The first established settlement in the area of modern day Turin dates to the Celtic era. The Celtic Taurini tribe built the first villages but it was during the 1st century BC that the Romans came and established a military camp to protect the northern borders. During the next five centuries a typical Roman city took shape, with defensive walls and standard street grid. Much of this early design of the city’s layout remains today.

With the fall of the Roman Empire in the 6th century the city faced a host of conquerors including the Lombards and the Franks, and each left their own mark on the city. The city’s control, along with much of the region of Piedmont, was transferred to the Duchy of Savoy at the end of the 13th century, and at this time the city’s prominence began to rise. During the Italian Renaissance many new churches, gardens and palaces were built in the city, while a university was also founded.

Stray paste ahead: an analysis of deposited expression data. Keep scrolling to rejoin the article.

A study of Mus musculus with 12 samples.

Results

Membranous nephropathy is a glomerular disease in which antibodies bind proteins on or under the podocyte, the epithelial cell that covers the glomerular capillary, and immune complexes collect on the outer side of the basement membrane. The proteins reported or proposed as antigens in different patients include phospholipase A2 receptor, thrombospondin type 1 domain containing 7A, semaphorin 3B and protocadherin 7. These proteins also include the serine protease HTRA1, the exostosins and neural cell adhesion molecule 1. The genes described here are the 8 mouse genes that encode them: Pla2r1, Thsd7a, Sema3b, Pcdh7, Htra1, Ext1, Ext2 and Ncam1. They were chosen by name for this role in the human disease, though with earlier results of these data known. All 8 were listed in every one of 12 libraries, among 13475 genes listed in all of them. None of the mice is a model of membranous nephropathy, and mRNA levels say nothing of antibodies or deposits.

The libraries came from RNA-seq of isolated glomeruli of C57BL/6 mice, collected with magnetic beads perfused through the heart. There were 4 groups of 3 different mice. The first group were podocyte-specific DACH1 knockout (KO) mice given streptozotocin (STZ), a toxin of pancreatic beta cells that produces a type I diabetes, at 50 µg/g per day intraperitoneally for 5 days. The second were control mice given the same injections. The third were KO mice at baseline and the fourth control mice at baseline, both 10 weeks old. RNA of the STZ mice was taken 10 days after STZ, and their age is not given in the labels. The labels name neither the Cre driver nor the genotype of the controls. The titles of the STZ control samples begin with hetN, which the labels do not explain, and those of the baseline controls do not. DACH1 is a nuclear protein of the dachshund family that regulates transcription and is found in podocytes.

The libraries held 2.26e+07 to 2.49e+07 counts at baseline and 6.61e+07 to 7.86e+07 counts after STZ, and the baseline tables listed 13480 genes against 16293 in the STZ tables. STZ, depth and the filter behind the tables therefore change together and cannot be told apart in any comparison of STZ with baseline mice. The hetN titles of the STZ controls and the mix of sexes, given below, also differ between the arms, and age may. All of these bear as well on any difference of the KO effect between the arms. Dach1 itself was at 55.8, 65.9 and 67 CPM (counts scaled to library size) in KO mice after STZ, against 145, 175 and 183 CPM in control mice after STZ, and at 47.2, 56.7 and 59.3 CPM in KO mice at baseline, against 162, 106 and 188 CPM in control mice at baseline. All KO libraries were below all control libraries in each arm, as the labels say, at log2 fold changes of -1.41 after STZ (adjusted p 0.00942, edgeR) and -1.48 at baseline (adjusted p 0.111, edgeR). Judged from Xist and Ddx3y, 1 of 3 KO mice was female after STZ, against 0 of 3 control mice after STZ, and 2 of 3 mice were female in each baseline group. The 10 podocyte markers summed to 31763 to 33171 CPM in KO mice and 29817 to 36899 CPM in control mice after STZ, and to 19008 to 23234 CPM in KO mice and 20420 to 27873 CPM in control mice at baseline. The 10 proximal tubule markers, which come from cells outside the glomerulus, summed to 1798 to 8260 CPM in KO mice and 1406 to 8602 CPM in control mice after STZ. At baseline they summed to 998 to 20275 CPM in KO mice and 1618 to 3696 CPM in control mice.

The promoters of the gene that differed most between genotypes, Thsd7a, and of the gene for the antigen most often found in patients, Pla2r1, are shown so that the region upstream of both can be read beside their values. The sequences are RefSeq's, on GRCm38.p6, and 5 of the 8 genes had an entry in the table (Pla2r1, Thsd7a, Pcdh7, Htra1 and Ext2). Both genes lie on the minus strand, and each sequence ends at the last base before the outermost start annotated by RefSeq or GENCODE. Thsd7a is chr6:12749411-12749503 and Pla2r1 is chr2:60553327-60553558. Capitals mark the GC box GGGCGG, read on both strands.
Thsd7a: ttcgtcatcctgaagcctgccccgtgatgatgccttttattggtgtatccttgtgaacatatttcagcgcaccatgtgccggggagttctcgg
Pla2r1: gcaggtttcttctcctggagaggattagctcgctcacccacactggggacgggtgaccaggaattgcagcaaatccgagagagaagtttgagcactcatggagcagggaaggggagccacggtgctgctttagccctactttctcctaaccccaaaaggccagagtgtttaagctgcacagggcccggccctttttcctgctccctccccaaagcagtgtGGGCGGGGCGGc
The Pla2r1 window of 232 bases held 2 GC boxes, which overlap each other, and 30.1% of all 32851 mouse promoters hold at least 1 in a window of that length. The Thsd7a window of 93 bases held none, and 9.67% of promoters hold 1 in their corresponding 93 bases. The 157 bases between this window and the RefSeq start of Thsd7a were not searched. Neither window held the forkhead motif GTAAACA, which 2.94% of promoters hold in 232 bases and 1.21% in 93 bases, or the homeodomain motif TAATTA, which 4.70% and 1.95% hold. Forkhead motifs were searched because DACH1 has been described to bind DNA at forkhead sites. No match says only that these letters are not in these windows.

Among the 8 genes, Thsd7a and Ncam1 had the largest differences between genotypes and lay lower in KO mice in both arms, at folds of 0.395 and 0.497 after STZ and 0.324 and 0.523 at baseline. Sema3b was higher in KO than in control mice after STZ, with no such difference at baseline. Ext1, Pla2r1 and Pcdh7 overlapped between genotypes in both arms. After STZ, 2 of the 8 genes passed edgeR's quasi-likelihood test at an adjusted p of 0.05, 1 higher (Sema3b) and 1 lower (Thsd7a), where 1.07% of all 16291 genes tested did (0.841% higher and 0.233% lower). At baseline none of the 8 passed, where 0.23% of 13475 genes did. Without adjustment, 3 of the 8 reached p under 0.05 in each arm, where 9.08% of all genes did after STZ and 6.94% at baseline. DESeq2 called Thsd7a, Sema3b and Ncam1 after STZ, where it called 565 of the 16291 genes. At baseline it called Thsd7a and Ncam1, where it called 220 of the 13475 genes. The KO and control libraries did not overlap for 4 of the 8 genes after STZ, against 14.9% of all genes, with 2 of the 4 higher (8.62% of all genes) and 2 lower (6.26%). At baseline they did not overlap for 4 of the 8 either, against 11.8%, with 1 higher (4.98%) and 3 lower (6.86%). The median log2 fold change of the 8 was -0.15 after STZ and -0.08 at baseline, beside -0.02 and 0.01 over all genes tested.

Turin suffered during various wars, most notably in 1706 when the city was besieged for 117 days. In the peace that came the city was once again rebuilt and experienced another wave of growth. The French occupied the city again during Napoleon’s reign as emperor, but throughout much of the early 19th century, along with much of Piedmont, Turin was at the epicenter of Italian unification.

In 1861 the city became the first capital of a unified Italy, until the capital was first moved to Florence in 1865 and then Rome in 1870. Despite this the city remained a center of culture and prestige in Northern Italy.